Room: Exhibit Hall | Forum 4
Purpose: Gold nanoparticles (GNPs) can be used to amplify absorbed dose from radiation for a given treatment plan. The purpose of this study was to create a novel, cost effective, and clinically accessible method to measure the dose enhancement factor (DEF), the ratio of absorbed dose in GNP solution to that in water using an 192Ir source to irradiate the solution.
Methods: An acrylic apparatus was designed for these measurements. The acrylic apparatus housed a slot 7 cm from the base of the apparatus for a brachytherapy applicator. The base of the apparatus contained two regions that could be separated, between which EBT-3 film could be placed. Holes were drilled through these regions to hold the GNP solution. The film was cut into 2 cm squares and placed in the apparatus. The bottom hole was filled with 25 Î¼L of fluid, and the top hole was filled with 50 Î¼L of fluid. Film was irradiated in both GNP and water solutions, scanned, and analyzed by comparing the red color channel image intensity. GNPs 30 nm in diameter were used at concentrations of 8 nM, 16 nM, and 22 nM. A theoretical approach to determining DEF was also performed based on mass attenuation coefficients, the relative mass of gold in the solutions and the energy spectrum of 192Ir.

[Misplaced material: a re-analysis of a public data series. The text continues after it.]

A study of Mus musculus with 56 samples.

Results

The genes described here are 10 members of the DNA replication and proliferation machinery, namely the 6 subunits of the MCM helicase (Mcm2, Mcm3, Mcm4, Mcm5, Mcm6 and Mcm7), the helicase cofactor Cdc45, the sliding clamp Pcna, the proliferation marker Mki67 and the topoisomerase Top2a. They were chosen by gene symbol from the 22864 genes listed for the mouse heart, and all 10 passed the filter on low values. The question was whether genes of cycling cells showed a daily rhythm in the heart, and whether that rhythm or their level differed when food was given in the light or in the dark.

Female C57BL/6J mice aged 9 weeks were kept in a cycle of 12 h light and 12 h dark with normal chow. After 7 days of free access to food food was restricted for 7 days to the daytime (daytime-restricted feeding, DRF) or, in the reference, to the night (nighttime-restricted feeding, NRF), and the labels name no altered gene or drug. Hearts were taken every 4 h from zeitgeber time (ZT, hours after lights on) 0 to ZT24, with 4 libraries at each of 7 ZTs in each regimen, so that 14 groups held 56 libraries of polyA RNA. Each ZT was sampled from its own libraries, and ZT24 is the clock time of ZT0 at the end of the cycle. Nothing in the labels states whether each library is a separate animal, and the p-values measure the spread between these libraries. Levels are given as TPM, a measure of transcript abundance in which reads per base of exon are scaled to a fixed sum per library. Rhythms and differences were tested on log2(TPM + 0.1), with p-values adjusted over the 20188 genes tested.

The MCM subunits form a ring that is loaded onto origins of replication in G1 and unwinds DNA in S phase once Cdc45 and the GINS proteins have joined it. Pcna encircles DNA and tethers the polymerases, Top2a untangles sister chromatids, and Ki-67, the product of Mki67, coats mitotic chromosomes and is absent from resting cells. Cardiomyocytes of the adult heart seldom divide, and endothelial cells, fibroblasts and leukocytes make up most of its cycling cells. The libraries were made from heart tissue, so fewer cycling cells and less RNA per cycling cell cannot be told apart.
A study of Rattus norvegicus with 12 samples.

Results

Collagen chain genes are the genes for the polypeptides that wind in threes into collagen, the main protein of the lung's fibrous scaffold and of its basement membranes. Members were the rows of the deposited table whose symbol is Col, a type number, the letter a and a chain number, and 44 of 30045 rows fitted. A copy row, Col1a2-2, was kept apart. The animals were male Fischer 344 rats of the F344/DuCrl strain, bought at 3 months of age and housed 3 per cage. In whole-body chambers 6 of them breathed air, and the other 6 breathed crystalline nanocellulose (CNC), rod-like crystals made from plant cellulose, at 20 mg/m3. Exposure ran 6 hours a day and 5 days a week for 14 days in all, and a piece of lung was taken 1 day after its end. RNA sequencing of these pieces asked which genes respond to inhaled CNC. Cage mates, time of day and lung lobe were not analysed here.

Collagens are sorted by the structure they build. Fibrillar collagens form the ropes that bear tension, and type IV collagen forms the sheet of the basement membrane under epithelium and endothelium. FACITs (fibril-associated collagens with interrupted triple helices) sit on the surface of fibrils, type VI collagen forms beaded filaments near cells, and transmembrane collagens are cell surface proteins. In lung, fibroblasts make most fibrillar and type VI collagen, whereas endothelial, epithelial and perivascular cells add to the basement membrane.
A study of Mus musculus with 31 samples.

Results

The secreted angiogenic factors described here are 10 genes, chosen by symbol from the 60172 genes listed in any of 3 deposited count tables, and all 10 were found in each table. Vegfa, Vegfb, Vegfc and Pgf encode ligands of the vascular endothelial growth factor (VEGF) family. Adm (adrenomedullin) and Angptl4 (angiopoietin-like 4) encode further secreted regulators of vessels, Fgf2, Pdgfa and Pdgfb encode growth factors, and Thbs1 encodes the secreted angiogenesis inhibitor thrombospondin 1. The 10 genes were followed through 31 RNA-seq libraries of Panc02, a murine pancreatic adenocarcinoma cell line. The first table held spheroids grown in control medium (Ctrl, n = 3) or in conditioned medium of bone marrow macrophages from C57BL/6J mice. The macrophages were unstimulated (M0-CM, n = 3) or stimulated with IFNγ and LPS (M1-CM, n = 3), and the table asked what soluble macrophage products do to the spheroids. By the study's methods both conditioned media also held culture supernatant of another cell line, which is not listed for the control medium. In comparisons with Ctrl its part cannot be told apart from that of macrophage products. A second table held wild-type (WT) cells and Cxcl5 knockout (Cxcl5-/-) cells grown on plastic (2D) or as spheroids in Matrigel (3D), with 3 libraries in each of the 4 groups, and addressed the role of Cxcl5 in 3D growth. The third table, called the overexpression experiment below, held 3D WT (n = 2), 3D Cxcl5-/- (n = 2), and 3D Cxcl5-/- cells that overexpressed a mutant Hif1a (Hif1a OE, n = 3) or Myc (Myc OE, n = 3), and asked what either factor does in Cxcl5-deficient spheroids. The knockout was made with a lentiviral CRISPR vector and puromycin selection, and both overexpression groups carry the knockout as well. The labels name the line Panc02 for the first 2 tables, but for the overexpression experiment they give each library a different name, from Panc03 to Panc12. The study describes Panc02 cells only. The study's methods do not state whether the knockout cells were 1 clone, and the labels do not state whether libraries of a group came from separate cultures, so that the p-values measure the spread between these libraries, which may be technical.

Results: The theoretical DEFs were determined to be 1.033, 1.024, and 1.012 for the 22nM, 16nM, and 8nM GNP solutions, respectively. The experimentally measured DEFs were 1.031 Â± 0.005, 1.023 Â± 0.010, and 1.013Â± 0.006 for the 22nM, 16nM, and 8nM solutions, respectively.
Conclusion: There is a way to physically measure DEF using materials readily available in a radiation oncology clinic. The method that was employed in this study confirms results from theoretical calculations.